Editor's Note: This story was originally published in September, 2018.
The American River is a gem for some "treasure hunters." After a weekend, such as Labor Day Weekend, people say lots of trash is left behind.
"Aluminum cans always," said Karl Bly, a Carmichael resident. "Floating trash. Styrofoam."
However, not all of it is trash. Bly says some of it is what he calls "gifts from the river."
"Going down the river, all the time we study the currents and there are different places the river will deliver things, based on the currents of the day," Bly said.
Bly started treasure hunting as a kid with his dad. It's something he now does with his sons. He understands the right places to check for "treasures."
Bly's found lots of sunglasses, cell phones, a tackle box, canoes, and kayaks. He first makes an effort to try to find the owner, but if it isn't possible, he either donates the items or keeps them. He also helps other people try to find some of their lost items.
Bly says the American River is such an ideal location to find items because of people's mindsets.
"It's because people lost stuff in the river," Bly said. "There are so many people who come here for recreational rafting."
He also says the landscape plays a role in making the American River attractive to treasure hunters.
"Typically, rivers have larger boulders, and, once something is lost, it really gets down there deep. But here you just have cobblestones that are a couple inches. And where [there] isn't cobblestones there's black clay, so it's easier to find things when they're lost."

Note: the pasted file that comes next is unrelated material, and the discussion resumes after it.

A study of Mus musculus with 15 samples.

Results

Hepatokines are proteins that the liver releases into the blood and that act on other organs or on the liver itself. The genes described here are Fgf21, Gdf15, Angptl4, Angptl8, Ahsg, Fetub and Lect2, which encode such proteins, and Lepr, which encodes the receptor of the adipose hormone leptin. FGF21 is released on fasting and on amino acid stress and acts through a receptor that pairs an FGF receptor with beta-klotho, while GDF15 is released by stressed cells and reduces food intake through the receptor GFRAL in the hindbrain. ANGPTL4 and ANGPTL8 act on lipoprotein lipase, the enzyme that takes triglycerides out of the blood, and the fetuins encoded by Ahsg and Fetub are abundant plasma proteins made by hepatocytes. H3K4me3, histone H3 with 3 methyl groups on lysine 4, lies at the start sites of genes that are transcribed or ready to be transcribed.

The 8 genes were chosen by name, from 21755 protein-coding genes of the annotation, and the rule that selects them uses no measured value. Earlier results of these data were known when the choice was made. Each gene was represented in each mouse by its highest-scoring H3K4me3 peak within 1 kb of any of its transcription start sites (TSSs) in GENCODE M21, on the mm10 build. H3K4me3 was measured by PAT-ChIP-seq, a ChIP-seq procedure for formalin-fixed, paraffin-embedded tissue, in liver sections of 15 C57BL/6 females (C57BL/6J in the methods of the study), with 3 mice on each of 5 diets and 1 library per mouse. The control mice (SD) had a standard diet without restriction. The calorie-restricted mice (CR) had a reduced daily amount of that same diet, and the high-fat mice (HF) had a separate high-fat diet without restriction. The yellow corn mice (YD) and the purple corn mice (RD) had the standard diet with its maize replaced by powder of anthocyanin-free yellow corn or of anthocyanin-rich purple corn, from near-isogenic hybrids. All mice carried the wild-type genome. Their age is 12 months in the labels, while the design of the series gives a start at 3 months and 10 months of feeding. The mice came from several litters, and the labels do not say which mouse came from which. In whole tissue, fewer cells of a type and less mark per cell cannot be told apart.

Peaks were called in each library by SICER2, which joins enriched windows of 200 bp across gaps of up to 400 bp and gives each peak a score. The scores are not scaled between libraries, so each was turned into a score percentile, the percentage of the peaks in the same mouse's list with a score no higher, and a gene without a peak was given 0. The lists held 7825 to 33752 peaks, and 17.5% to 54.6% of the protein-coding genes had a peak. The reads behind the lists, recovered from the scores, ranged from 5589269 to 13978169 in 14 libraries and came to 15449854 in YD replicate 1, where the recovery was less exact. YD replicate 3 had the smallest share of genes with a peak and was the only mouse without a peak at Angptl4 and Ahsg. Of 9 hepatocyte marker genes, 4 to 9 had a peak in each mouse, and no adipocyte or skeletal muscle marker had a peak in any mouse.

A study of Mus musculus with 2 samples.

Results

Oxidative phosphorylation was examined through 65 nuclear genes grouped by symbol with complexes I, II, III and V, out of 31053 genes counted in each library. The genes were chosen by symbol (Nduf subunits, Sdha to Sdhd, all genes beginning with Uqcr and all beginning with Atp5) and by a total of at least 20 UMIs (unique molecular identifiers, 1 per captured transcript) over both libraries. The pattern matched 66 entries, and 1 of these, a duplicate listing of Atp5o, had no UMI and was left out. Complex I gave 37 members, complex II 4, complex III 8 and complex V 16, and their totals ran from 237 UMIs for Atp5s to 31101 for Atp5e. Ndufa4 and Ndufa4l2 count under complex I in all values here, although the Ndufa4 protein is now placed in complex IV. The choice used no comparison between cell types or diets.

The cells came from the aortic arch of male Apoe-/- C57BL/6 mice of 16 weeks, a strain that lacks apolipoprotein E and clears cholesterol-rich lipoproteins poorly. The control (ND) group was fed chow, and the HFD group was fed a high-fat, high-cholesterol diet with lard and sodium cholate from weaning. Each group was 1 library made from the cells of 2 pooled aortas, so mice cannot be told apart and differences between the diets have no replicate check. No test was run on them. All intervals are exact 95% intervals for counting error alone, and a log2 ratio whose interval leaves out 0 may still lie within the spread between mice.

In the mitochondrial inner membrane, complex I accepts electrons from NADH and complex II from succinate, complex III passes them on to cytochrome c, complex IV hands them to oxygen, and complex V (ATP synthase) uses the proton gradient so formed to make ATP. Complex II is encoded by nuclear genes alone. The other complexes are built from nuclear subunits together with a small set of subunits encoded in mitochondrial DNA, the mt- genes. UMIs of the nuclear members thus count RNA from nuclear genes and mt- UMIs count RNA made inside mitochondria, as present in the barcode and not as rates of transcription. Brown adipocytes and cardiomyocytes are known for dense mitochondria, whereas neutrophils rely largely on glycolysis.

There are other treasure hunters out on the American River too. He says many of them come out on the weekends to beat the other treasure hunters.
"There's one guy from Arizona," Bly said. "He brags about this river that it has twice as much treasures cause nobody dives it."
Bly says he follows unwritten rules when it comes to treasure hunting.
"When I find something on the river, I feel like it's meant for me to find it," Bly said. "It sounds kind of weird. I feel like I have to be thankful for it and give back somehow."
When it comes to trash, Bly said it's drastically improved from when he was a kid. He says there are groups out that help keep the American River clean.